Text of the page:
Tiny pores in plant leaves, poorly understood until now, are integral to creating accurate climate change forecasts.
The tiny pores on leaves influence vast areas of Earth's climate.
Current climate models only approximate how plants influence weather and climate.
New research is finally getting to just how those pores, called stomata, work.
New research on how microscopic leaf pores respond to sunlight reveals some of the first universal relationships between plants and climate.
Understanding these relationships could vastly improve climate and weather models so they properly represent atmospheric changes over forests, grasslands and other areas where plants dominate.
"If you took a (climate) model and wiped out all the plants in the world, it would be a lot hotter and drier," explained Joseph Berry of Stanford University and Carnegie Science.
That's because plants transpire water via pores called stomata in response to such things as how much sunlight is shining on them, how much photosynthesis is under way and how much carbon dioxide is in the air.
For years now, climate models have included information about plants based on measurements collected by Berry and others from actual plants transpiring.
That data has been used, for instance, to argue that higher CO2 levels are causing plants to close down stomata, reduce transpiration of water, and therefore increase stream flows as plants take up less water from the ground.
The problem is, that early plant data just covers of a few species of plants and is not based on any deeper understanding of how plants -- or more specifically, their stomata -- respond to changes in light, heat and CO2.
"I felt really uneasy and wanted more information on stomatal behavior, rather than just empirical plant data," Berry told Discovery News.
So he and his colleagues conducted meticulous laboratory research on how stomata, and therefore transpiration and the water balance inside leaves, respond to light absorbed by leaves. They discovered that stomata are not just simple pores in leaves, but also solar energy meters that control the rates of transpiration in leaves.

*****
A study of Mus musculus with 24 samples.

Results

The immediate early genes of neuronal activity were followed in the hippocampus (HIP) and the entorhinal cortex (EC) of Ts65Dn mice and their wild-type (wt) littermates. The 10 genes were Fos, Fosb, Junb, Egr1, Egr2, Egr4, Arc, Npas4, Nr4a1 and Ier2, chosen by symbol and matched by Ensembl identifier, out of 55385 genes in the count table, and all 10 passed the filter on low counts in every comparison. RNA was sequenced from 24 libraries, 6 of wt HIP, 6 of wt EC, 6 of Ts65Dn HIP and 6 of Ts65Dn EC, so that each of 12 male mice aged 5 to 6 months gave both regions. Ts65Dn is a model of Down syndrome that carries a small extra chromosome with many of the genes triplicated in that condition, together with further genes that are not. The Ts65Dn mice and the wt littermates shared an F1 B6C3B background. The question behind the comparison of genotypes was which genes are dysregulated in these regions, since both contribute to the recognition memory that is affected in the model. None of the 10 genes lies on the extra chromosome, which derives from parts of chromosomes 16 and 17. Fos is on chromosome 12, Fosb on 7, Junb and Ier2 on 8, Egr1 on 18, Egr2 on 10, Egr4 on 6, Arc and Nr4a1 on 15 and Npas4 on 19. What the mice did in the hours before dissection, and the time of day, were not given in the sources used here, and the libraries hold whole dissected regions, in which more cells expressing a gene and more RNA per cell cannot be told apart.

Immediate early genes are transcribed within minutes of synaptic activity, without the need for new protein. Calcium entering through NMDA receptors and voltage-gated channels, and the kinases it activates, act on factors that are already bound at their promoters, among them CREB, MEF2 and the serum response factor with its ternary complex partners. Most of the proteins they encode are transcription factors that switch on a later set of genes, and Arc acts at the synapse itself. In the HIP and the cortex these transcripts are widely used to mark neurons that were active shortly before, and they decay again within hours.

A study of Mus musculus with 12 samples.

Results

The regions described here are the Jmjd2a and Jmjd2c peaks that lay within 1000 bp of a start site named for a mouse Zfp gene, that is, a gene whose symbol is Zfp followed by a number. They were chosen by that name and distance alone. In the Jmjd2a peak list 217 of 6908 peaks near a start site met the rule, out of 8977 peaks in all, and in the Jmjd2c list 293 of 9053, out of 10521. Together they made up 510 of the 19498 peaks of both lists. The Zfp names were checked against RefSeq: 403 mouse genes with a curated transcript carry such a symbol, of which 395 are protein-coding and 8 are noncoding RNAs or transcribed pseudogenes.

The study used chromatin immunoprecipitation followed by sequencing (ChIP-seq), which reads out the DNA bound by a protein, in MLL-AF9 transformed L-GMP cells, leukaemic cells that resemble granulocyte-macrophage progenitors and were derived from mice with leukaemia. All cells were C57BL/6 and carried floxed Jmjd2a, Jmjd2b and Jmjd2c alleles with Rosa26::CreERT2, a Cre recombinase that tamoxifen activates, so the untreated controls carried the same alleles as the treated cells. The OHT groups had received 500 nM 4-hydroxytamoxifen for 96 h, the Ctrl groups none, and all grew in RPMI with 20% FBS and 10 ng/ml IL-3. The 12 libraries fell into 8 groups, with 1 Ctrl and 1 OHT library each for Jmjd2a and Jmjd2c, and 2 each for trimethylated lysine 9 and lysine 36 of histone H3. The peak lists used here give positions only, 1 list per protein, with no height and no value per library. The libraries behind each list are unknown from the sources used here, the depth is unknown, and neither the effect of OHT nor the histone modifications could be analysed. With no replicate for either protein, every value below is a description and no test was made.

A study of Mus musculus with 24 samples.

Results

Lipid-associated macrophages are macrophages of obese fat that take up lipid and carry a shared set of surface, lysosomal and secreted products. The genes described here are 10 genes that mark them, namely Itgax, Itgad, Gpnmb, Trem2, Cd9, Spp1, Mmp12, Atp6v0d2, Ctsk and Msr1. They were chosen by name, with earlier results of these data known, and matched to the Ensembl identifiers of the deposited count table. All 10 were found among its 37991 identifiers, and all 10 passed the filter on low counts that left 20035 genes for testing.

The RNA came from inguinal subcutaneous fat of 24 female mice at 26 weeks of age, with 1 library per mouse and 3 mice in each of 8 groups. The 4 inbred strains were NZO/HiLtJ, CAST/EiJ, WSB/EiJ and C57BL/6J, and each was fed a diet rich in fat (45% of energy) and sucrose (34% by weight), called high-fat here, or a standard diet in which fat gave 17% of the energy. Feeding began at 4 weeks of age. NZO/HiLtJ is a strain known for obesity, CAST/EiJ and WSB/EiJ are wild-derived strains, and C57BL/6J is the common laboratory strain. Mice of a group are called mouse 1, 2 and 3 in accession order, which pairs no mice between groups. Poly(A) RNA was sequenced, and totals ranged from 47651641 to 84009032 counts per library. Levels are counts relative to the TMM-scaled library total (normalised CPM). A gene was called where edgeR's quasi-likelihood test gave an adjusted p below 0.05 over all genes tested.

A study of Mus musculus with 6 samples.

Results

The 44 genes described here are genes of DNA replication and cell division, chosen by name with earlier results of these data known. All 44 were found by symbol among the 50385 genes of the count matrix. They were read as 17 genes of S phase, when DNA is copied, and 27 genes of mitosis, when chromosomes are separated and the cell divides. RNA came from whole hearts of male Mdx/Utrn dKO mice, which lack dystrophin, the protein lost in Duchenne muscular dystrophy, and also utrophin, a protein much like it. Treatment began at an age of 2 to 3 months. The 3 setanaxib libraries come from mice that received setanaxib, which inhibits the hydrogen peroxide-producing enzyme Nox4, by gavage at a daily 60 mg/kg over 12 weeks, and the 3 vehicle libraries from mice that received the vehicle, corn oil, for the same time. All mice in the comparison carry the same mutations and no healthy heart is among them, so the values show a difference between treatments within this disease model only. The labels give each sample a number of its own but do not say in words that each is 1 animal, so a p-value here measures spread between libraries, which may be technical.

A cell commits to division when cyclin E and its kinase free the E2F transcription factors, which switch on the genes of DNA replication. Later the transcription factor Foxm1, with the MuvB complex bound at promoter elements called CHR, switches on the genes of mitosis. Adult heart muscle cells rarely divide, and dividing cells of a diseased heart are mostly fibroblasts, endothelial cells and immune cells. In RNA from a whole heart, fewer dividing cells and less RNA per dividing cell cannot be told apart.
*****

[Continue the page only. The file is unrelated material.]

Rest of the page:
"This observation is at odds with current concepts of how stomata sense and control transpiration," report Berry, Roland Pieruschka and Gregor Huber in a paper in the July 12 issue of Proceedings of the National Academy of Science.
It's long been thought that photosynthesis is driven by how much light there is. But it's a lot more complicated and subtle than that.
"The guard cells that operate the stomata must be getting information from the leaf," Berry said.
Stomata seem to be picking up and responding to signals about not only sunlight, but CO2 and other important changes in the leaves.
"The importance as I see it is this gives us a starting point to make a model," said Berry.
That model can then be incorporated into climate models to better represent reality. "It's not complete because there are other things going on -- like drought stress and CO2 concentrations," he said.
As for just how universal plant stomata behavior is, Berry is pretty confident.
"Stomata have been around for 300 million years," said Berry. "Fossil stomata look pretty much like current stomata."
"It's a very elegant piece of work," said Dennis Baldocchi, professor of biometeorology at the University of California, Berkeley. "It's quite profound work. In the past people looked at gross drivers... . This will help us develop models."